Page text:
It’s almost that time for the government to start issuing health warnings for a “safe crucifixion”, which means Easter must be coming.
In case you’ve never heard of the San Pedro Cutud Lenten Rites Festival, it is a yearly reenactment of the Passion of the Christ in San Pedro, a barangay of San Fernando in Pampanga, Luzon.
What makes it so different from similar events across the world is that volunteers are actually crucified, using real nails.
An event like this obviously brings up more questions than it does answers. The people that flagellate, and get nailed to crosses are doing it to show their devotion to Christ. But why do thousands of people — and journalists — turn up to observe the spectacle?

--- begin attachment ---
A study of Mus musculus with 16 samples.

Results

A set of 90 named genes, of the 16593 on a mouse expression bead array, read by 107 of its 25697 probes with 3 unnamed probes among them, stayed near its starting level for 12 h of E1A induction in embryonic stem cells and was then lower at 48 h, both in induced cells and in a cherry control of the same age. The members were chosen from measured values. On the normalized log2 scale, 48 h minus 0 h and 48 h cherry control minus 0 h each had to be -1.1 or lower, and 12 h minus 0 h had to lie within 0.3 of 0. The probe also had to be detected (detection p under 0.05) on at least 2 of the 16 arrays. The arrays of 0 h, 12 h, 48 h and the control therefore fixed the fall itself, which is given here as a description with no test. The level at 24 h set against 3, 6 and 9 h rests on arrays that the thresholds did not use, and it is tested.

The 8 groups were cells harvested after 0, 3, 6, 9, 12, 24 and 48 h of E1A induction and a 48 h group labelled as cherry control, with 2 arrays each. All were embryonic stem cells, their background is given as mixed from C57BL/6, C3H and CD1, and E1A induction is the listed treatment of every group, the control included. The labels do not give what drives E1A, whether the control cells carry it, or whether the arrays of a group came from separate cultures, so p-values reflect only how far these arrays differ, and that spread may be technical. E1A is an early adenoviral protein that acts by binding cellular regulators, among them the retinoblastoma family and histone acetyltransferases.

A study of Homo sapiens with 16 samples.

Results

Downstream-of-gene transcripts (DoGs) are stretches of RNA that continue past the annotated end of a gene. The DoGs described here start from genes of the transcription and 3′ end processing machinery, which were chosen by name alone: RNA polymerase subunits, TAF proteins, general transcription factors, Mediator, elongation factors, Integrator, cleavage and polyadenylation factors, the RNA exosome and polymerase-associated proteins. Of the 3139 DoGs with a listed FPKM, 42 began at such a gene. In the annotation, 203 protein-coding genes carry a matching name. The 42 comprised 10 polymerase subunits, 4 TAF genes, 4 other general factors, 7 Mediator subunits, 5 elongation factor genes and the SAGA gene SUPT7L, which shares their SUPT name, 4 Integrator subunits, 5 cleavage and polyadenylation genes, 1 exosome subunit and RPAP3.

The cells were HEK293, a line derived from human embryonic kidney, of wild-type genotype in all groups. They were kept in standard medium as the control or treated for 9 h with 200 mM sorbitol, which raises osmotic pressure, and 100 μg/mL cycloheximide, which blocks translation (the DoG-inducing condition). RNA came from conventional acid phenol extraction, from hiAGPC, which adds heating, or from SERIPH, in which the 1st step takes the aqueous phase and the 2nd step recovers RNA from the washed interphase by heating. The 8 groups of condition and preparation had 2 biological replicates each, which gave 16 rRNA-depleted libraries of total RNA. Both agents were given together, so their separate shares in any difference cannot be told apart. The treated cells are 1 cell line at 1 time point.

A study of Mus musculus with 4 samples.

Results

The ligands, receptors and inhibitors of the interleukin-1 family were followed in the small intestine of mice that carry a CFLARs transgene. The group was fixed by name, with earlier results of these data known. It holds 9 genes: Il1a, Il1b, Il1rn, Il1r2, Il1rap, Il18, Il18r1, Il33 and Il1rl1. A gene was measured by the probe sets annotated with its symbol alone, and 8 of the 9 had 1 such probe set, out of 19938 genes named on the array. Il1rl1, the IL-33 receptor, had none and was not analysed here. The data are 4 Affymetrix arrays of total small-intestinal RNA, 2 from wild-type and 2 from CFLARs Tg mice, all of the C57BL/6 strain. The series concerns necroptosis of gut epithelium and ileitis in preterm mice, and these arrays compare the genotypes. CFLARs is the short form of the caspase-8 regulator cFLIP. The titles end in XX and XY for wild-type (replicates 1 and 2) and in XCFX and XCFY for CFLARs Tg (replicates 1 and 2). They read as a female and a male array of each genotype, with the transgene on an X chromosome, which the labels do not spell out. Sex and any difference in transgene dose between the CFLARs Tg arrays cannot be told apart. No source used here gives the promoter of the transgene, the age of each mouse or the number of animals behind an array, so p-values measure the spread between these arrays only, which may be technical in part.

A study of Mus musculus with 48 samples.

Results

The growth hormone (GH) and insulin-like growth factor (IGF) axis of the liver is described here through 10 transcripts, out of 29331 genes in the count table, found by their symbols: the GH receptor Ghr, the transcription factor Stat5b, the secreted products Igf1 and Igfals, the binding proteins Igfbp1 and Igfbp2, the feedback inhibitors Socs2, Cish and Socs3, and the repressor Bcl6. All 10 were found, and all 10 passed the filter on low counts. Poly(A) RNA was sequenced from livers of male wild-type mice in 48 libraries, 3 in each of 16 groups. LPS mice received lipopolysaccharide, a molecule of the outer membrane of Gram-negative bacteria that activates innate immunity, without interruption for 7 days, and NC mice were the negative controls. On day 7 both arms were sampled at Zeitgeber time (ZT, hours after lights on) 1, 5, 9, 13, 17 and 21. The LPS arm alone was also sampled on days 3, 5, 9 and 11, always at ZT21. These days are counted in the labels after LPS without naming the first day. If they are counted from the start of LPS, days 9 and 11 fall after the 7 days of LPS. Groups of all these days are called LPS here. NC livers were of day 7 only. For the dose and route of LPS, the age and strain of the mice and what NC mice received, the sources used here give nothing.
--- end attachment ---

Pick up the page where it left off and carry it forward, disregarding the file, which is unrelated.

Again this is where the Cutud Lenten Rites Festival goes even further down the rabbit hole of weird. You would expect an event where there is blood flying everywhere and people being mutilated to have at least a PG13 rating, but no, the festival is fun for all the family.
Aside from all the blood and gore, there are ice-cream stands, pop-up restaurants, and even Jesus themed t-shirts to take home as a souvenir of your first crucifixion.
Unsurprisingly foreign tour groups have jumped in on this “dark tourism” phenomenon, with one company, Young Pioneer Tours even offering a day trip, complete with media passes.
When asked why he felt people wanted to attend a crucifixion, managing-director Gareth Johnson said: “The Cutud Lenten Rites might be a little weird, but you cannot say it’s not unique, and people want to see different things”.
The ministry of tourism might not have had tourism to the rites in mind with their “It’s more fun in the Philippines” tagline, but you gotta give the country credit — it’s certainly “more unique in the Philippines”.